Global cooperation necessary for transitioning to circular plastic economy

Extensive dependency on a non-biodegradable material has led to steady accumulation of plastic waste over the last several decades. This necessitates formulation of a sustainable and environment-friendly approach to develop a circular plastic economy for production and disposal of this ubiquitous material, says GlobalData, a leading data and analytics company.

GlobalData’s latest thematic report, ‘Circular Plastic Economy’, discusses the need to collectively address the plastic pollution and highlights the steps taken by various stakeholders in the circular plastic economy theme.

The switch towards a circular plastic economy would prompt changes across various stakeholders. Plastic producers and plastic user companies are often from different business disciplines. Demand for petrochemical derivatives from the plastic industry may witness a slowdown in the long term. Plastic user companies may pass on higher packaging costs to the consumers.

Ravindra Puranik, Oil and Gas Analyst at GlobalData, comments: “To achieve a successful circular plastic economy in the long run, various stakeholders need to collaborate across various value chains. European countries have set ambitious recycling targets to regulate various grades of plastic. This includes implementing a complete ban on single use plastic by 2021. The region also aims to increase the collection and recycling rate for polyethylene terephthalate (PET) and other plastic materials.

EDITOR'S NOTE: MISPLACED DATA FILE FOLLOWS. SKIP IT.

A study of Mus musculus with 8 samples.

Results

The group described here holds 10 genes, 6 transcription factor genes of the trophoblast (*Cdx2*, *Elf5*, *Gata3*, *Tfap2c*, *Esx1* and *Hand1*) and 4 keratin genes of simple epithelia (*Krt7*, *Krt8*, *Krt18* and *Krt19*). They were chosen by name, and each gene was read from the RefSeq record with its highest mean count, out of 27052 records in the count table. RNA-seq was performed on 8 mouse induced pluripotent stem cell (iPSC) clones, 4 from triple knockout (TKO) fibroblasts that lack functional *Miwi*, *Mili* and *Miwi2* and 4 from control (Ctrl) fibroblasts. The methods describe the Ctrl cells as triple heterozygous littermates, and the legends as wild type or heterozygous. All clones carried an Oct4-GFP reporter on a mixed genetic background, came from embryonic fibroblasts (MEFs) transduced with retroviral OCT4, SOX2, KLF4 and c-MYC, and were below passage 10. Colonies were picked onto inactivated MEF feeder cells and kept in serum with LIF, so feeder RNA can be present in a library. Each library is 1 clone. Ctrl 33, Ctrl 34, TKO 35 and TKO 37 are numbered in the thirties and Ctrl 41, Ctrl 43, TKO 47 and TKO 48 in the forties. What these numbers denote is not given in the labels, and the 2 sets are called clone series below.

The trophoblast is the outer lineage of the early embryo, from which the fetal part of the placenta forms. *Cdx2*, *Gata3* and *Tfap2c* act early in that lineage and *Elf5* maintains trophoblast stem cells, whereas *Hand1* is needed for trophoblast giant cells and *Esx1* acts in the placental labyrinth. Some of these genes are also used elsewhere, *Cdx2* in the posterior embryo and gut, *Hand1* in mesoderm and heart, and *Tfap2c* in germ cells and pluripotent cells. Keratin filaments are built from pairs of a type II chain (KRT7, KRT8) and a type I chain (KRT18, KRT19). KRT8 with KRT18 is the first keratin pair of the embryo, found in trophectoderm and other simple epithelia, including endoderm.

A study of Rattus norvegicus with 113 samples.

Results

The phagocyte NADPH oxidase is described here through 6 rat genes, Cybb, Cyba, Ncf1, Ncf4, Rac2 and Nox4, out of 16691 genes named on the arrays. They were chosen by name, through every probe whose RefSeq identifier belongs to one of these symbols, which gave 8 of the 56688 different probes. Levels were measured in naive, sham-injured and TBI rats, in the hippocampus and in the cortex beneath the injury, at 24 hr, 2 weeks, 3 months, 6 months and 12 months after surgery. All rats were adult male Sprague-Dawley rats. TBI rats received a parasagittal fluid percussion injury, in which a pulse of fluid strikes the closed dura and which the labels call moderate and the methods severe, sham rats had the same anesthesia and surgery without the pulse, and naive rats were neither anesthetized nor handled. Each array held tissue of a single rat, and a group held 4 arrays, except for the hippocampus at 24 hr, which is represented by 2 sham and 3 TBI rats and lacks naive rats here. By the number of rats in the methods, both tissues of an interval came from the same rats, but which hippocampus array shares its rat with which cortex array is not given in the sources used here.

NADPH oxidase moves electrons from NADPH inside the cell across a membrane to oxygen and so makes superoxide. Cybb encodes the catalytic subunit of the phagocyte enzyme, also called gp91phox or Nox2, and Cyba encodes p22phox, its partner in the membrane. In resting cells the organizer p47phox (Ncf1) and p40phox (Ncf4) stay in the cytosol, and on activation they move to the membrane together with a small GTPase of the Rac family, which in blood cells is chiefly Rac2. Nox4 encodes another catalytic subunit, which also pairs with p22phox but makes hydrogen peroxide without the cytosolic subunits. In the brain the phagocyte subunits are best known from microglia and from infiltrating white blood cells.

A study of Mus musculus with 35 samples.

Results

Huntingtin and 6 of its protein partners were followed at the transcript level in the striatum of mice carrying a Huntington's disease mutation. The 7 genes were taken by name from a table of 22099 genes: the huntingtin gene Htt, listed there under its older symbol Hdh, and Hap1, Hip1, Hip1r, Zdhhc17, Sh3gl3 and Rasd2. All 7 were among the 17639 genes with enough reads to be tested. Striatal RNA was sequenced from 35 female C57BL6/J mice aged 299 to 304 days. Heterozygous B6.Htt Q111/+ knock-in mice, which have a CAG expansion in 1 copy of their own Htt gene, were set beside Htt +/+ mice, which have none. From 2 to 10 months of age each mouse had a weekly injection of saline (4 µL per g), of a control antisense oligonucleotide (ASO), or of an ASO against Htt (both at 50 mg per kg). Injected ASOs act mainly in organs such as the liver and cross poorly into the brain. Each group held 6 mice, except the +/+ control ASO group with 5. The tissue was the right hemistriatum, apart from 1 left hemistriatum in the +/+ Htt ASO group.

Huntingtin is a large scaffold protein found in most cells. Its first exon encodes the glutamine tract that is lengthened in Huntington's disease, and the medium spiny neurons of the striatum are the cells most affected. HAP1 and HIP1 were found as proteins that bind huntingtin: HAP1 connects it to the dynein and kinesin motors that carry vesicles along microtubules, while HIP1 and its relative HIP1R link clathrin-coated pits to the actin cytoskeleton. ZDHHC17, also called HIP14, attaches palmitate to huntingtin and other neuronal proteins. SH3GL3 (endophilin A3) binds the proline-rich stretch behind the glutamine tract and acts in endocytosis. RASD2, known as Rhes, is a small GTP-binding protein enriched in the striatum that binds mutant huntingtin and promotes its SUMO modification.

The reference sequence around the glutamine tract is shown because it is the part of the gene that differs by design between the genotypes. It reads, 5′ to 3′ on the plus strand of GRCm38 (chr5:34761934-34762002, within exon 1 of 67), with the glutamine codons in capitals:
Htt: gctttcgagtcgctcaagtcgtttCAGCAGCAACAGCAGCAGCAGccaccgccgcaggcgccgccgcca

“A number of oil and gas companies have shifted their focus towards developing alternative feedstock for petrochemical plants. There is also growing investment in startups developing plastics recycling technologies. Carbios and PureCycle Technologies are among the prominent startups in this domain.”

GlobalData’s thematic research identifies Eni, ExxonMobil, Reliance Industries Limited, Repsol, Royal Dutch Shell, Saudi Aramco, and Total SA, among the leaders in the circular plastic economy theme from the oil and gas industry. It also highlights some of the leading plastic recycling technology companies, namely Carbios, Loop Industries, PureCycle Technologies, and TerraCycle.

Many of the practices involved towards developing circular plastics economy such as chemical recycling, are in the infancy stages. Producing recycled plastic is generally costlier than producing virgin plastic. These technologies require sustained investments to scale up to be significantly useful for developing the circular plastic economy.

Puranik concludes: “To achieve a truly circular plastic economy, the linear economy model needs to undergo massive transformation in terms of how the current value chains of various plastic products are structured.”